Years ago, Lakshmeesha's family bought an independent house opposite Karumariyamma Temple in Dasarahalli. Christened Vani Nilaya, they made it a perfect home, over time. Here, Lakki, as he is known to friends and relatives, grew up, played many a prank with his neighbourhood friends, went on to marry and have a child.
But what seemed to be his abode for lifetime, wasn't meant to be. Only last week, his family, along his parents moved out of the home they built over 27 years, to an apartment two and a half kilometres away.
The undoing in this city-based techie's story came from piling garbage!
About three years ago Lakki's family noticed that the vacant plot adjacent to their home was beginning to attract garbage. "Food carts would dump waste here, vegetable vendors would throw rotting produce and some neighbourhood homes on the next lane or one away would throw their packets of waste here," says Lakki.
As the family began to notice the dump grow, so did its concerns. "Eventually, we were forced to keep our windows closed all the time. Using mosquito repellents became a must. Any time we didn't, our son (who is only four now) would wake up with a fever. We wouldn't let him out for the fear he would pick an infection," he says.
The family would lay watches to catch people who were throwing garbage at the spot. This led to regular bickering with people who desisted from changing from what had seemed to become a habit. The bitterness affected neighbourly relations. "There was always an excuse. Some would say they missed the morning rounds made by the pourakarmikas because they were asleep, for others the spot was at convenient distance from their home. There would be housewives who on their way to collect their children back from school would throw garbage here. How many could we request, how many could we counsel? There were times we lost our patience with it all. Once we laid a watch till 1 am, but by morning time the garbage was back," says Lakki, frustration building in his voice.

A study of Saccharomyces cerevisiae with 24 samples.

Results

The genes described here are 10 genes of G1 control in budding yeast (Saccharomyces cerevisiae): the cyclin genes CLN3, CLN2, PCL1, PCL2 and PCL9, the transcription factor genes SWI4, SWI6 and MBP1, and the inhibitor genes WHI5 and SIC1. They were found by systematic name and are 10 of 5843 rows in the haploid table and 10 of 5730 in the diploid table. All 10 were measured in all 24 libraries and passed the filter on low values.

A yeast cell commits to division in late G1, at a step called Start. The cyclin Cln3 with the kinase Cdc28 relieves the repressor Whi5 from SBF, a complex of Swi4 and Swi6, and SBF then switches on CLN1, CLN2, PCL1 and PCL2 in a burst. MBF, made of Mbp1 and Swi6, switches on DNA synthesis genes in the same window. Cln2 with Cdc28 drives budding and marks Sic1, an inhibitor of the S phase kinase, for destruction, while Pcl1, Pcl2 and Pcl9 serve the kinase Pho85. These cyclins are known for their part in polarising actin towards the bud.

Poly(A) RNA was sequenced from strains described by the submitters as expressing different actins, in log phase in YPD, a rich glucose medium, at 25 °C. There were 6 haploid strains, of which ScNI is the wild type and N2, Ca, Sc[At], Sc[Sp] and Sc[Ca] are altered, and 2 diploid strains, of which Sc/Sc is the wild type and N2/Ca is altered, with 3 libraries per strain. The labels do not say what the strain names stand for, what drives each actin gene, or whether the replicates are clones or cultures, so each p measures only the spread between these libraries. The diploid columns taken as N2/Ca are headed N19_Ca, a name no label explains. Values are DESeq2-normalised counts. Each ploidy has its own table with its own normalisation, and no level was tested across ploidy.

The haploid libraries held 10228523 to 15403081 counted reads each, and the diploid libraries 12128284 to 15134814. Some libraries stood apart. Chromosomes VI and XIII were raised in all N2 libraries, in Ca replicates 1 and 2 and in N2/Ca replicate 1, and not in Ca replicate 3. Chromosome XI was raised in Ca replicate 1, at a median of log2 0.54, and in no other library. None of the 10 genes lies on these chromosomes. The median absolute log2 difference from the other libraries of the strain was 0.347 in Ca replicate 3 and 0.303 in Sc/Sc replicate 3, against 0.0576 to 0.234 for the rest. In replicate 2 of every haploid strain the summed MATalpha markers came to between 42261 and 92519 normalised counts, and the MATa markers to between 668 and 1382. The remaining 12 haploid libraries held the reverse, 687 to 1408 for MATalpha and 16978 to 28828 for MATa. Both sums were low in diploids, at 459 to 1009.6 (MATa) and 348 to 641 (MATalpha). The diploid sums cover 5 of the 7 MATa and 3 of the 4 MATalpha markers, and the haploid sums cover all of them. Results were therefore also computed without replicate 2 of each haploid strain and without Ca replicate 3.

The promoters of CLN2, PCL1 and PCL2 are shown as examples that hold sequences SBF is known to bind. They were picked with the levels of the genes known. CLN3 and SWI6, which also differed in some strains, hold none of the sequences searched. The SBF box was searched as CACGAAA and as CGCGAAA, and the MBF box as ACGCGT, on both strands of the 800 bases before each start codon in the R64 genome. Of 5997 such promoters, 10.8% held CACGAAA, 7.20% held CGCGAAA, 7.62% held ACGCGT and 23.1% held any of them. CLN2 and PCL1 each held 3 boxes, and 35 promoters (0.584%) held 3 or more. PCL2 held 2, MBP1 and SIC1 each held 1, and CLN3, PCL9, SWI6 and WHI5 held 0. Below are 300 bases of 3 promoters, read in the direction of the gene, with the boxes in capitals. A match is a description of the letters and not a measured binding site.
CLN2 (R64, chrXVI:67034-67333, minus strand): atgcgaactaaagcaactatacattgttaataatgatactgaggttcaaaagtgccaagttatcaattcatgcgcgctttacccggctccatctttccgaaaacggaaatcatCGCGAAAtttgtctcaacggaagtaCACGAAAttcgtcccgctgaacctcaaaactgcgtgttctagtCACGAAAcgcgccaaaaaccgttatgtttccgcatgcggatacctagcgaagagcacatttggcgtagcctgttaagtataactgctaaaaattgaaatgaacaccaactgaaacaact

A year ago he lodged a formal complaint with the BBMP ward office. Lakki's voice against indiscreet garbage dumping got louder and drew a lot of notice. "The BBMP increased the number of times it would clear the spot in a week. Warning boards were put up, fines were declared. And yet there would be those who claimed they had thrown garbage at the spot because they didn't know of the warning because they can't read," says Lakki.
Gradually, it dawned on the family that it was fighting a losing battle. "We moved out to an apartment because we wanted to improve the quality of our life. Our house is up for rent though I understand that prospective tenants too will be looking for better living when they choose to stay there," says Lakki who feels aggressive awareness campaigns on garbage disposal are the need of the hour and the only solution.
Executive engineer, J Siddegowda, in-charge of soild waste management in BBMP for Dasarahalli Zone says he's fed up with the situation too.
"All our pleas with residents of the area against random dumping of garbage have fallen on deaf ears. It's not possible to lay guard at such spots all the time. Pourakarmikas do their job, but citizens co-operation is necessary. Campaigns can help only when people are willing to change," he says.
Pushed to the edge
Three years ago Lakshmeesha's family begin to notice dumping of garbage on the plot adjacent to their own home in Dasarahalli.
A year ago, he raises a complaint with the ward office.
This week, his family, tormented by the garbage mess, moves out to an apartment.